Larger, older trees can store more carbon and help tackle climate change
We have to leave large trees alone as they capture a lot of carbon, researchers argue.
Older trees with a large diameter can store disproportionally massive amounts of carbon compared to smaller trees, according to a new study with trees in the United States. This shows the importance trees have in reducing greenhouse gas emissions amid the climate emergency, the researchers argued.
Dr. Milddrexler is seen measuring the trees. Credit Frontiers
Forest carbon accumulation is crucial for mitigating ongoing climatic change, with individual large trees storing a substantial portion of the overall carbon in living trees. Globally, forests store about 862 gigatons of carbon in live and dead vegetation and soil.
Large-diameter trees constitute about half of the mature forest biomass worldwide and are key to the ability of forests to accumulate substantial amounts of carbon. On average, 50% of the live tree biomass carbon in all types of forests globally is stored in the largest 1% of trees.
Researchers looked at the above-ground carbon storage of large-diameter trees (more than 21 inches or 53.3 centimeters) in Oregon and Washington. Although they account for just 3% of the total trees on the studied plots, large trees stored 42% of the total above-ground carbon within the forests, the findings showed.
The study was prompted by a policy proposal that could alter carbon storage in forest ecosystems. In the Pacific Northwest region of the US, a rule was set in 1994 to slow the loss of large and older trees in national forests by setting a 21-inch diameter rule. But a proposed amendment would allow harvesting trees of up to 30 inches.
Dr. David Mildrexler, who led the study, said in a statement: “Large trees represent a small proportion of trees in the forest, but they play an exceptionally important role in the entire forest community — the many unique functions they provide would take hundreds of years to replace.”
Mildrexler and his team used species-specific equations to relate tree diameter and height to the aboveground biomass in the stem and branches. They also looked at the proportion of large trees of the total forest stand, their aboveground carbon storage and the consequences of removing these large trees.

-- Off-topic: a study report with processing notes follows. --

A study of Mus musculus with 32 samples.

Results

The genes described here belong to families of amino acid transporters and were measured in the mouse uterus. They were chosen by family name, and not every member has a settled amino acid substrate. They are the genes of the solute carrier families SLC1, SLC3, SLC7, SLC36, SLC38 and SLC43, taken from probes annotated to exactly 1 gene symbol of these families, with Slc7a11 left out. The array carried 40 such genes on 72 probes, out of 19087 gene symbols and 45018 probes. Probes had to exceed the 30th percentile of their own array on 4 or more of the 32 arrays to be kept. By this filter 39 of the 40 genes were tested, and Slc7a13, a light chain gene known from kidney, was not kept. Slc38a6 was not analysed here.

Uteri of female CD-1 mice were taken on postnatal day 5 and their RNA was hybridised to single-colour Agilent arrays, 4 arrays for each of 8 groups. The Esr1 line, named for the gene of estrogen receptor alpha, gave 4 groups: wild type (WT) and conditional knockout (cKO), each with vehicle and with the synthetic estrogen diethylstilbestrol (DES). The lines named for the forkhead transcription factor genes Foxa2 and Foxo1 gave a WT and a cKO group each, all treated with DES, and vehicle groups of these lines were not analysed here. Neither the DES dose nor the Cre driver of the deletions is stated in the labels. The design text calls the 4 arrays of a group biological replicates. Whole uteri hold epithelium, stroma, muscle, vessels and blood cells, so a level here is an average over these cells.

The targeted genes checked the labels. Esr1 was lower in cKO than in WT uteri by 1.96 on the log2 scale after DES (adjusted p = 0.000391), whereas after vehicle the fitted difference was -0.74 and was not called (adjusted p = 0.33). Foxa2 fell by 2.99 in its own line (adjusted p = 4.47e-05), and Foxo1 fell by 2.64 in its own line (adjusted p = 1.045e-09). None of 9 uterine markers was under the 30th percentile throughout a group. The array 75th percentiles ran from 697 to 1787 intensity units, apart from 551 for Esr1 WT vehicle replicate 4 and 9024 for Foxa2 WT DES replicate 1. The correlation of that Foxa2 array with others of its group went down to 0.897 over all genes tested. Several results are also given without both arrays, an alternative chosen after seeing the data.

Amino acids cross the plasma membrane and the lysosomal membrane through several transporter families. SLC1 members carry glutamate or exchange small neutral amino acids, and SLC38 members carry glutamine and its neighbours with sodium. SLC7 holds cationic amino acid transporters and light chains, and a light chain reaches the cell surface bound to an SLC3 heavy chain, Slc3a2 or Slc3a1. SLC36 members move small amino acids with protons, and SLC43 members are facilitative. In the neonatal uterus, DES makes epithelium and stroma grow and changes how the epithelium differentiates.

The findings showed that trees of more than 30 inches (76.2 cm) in diameter only constituted 0.6% of the total stems. But they accounted for over 16% of the total aboveground carbon stored across the forests examined. Once trees reach a large size, any increase in diameter can result in a significant addition to the tree’s carbon stores.
“If you think of adding a ring of new growth to the circumference of a large tree and its branches every year, that ring adds up to a lot more carbon than the ring of a small tree,” said Mildrexler. “This is why specifically letting large trees grow larger is so important for climate change because it maintains the carbon stores in the trees.”
For Mildrexler, the study showed the importance of strengthening the 21-inch rule so that additional carbon is accumulated as 21-30″ diameter trees are allowed to continue to grow. Meanwhile, states should allow a good number of sub-21-inch trees to grow further and become additional large and effective carbon stores.
“Large trees are the cornerstones of diversity and resilience for the entire forest community. They support rich communities of plants, birds, mammals, insects, and micro-organisms, as well as act as giant water towers that tap into groundwater resources and cool our planet through evaporation,” the researcher argued.
The study was published in the journal Frontiers.